If we’ve moved so much before the age of 18, does this mean we are really really good at leaving places and moving to new ones? Does practice somehow make perfect? Does it make us total pros at leaving people and friends and places behind? As a Third Culture Kid, I was only 2 months old when I took my first flight from Tokyo to Paris! I couldn’t believe it when my mom told me. That is a small baby! I can’t imagine how annoying my crying must have been for other passengers and my mom! So we start at such a young age. Airports become familiar. Leaving friends becomes the norm. Changing cities is all we know. But does all the moving, the flying, the goodbyes, the new beginnings, the new friends make us experts at leaving?
Well, my sister recently spoke about this in her latest post. As you know from my previous post, she moved to Belfast for work a couple of weeks ago. She brought up this question of whether or not it gets easier for us to move. If you’ve done it so many times in the past, it’s like anything, you should get better at it right?
Not necessarily. My sister had been living in Paris for 6 years. That’s a long time for a Third Culture Kid! With that amount of time, you can properly build a community, a network, a ‘family’ of friends. You have a local pub. She had several actually! But one of her favorites was in the 5th Arrondissement. You have your favorite supermarket. She had one just downstairs from her flat that she’d go to all the time. She knew them really well by the end; they’d always say hi when they saw her coming in to buy her fresh fruit and veg. She’d also made some amazing friends who she could call up at anytime to set up a dinner party and go for a dry gin martini (her favorite!).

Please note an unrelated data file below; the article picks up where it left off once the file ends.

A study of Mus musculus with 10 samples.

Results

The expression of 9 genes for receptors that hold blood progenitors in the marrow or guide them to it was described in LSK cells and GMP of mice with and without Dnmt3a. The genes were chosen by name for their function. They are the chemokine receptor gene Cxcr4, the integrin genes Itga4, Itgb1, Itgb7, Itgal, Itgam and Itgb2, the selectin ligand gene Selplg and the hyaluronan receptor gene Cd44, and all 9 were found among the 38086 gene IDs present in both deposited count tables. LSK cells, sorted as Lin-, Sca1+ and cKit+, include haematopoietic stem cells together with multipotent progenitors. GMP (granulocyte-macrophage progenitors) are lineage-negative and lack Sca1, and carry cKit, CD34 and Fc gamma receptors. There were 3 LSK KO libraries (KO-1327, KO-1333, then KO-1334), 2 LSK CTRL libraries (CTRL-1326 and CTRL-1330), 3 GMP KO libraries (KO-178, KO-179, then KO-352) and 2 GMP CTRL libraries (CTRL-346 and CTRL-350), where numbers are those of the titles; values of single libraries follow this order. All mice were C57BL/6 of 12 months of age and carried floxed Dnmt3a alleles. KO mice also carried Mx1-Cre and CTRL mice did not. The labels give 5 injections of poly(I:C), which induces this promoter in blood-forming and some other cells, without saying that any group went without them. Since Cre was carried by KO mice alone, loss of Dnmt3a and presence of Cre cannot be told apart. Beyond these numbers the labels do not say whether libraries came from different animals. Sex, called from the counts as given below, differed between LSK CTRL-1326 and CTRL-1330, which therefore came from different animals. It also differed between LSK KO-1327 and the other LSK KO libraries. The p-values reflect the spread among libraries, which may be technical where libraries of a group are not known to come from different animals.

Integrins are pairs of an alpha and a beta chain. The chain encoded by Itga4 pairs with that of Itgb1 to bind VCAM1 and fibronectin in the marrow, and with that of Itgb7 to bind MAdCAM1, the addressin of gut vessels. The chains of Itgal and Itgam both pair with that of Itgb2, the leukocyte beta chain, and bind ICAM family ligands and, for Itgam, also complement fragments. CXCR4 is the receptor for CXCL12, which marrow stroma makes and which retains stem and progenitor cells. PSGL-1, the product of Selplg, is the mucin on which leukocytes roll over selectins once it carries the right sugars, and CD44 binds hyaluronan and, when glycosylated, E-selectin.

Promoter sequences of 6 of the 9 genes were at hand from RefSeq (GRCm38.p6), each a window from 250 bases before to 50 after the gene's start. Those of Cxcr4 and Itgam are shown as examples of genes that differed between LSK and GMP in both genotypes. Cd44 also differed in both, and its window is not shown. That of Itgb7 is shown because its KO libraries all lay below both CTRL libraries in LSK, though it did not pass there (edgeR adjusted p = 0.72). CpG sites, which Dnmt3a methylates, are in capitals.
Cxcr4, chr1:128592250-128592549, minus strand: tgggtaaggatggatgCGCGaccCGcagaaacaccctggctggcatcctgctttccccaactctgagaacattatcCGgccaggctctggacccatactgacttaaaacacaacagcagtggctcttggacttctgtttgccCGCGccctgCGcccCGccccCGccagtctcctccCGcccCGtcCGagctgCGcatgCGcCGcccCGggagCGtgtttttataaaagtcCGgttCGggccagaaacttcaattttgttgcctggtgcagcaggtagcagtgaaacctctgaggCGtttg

It can be unbelievable. That closeness. That familiarity. For a Third Culture Kid. It’s funny because most TCKs tend to move from feeling incredibly restless to a deep need for stability and consistency.
The ironic thing was that when she first moved there, she wasn’t that ‘French’. Yes, she has a French passport. And, yes, our dad is French. But as all TCKs and global nomads out there know, that doesn’t mean you feel fully French. There’s a part of you that is connected to it, of course, but you’ve also spent so much time in other countries that it can also feel very distant.
But over time, of seeing her living there, visiting on a weekend, going there for work. I noticed a change. She was becoming in a fantastic way more and more Parisian. Why fantastic? Because she was born there, and yet spent the majority of her life outside of France. And yet, then and there, she was becoming Parisian. Of course, there would always be a huge part of her that was every other nationality (Belgian, Japanese, South African, Austrian…) as we had grown up in those countries. But she was starting to know things. Know the ins and outs of Paris. She knew people. She knew customs. She knew what to do on a cloudy Sunday in Paris. She knew where the good bars were on a very late Wednesday night. She knew about the new restaurant that had just opened up.
And so, even if you’ve done it, what feels like a million times as a Third Culture Kid, moving and leaving friends doesn’t necessarily get any easier. And I think the biggest reason for that is that there is again that sense of loss. Even if you’re about to meet brilliant new people, learn about a new job, discover new customs that make a place unique, it still means you’ve left behind a number of things that had become your home.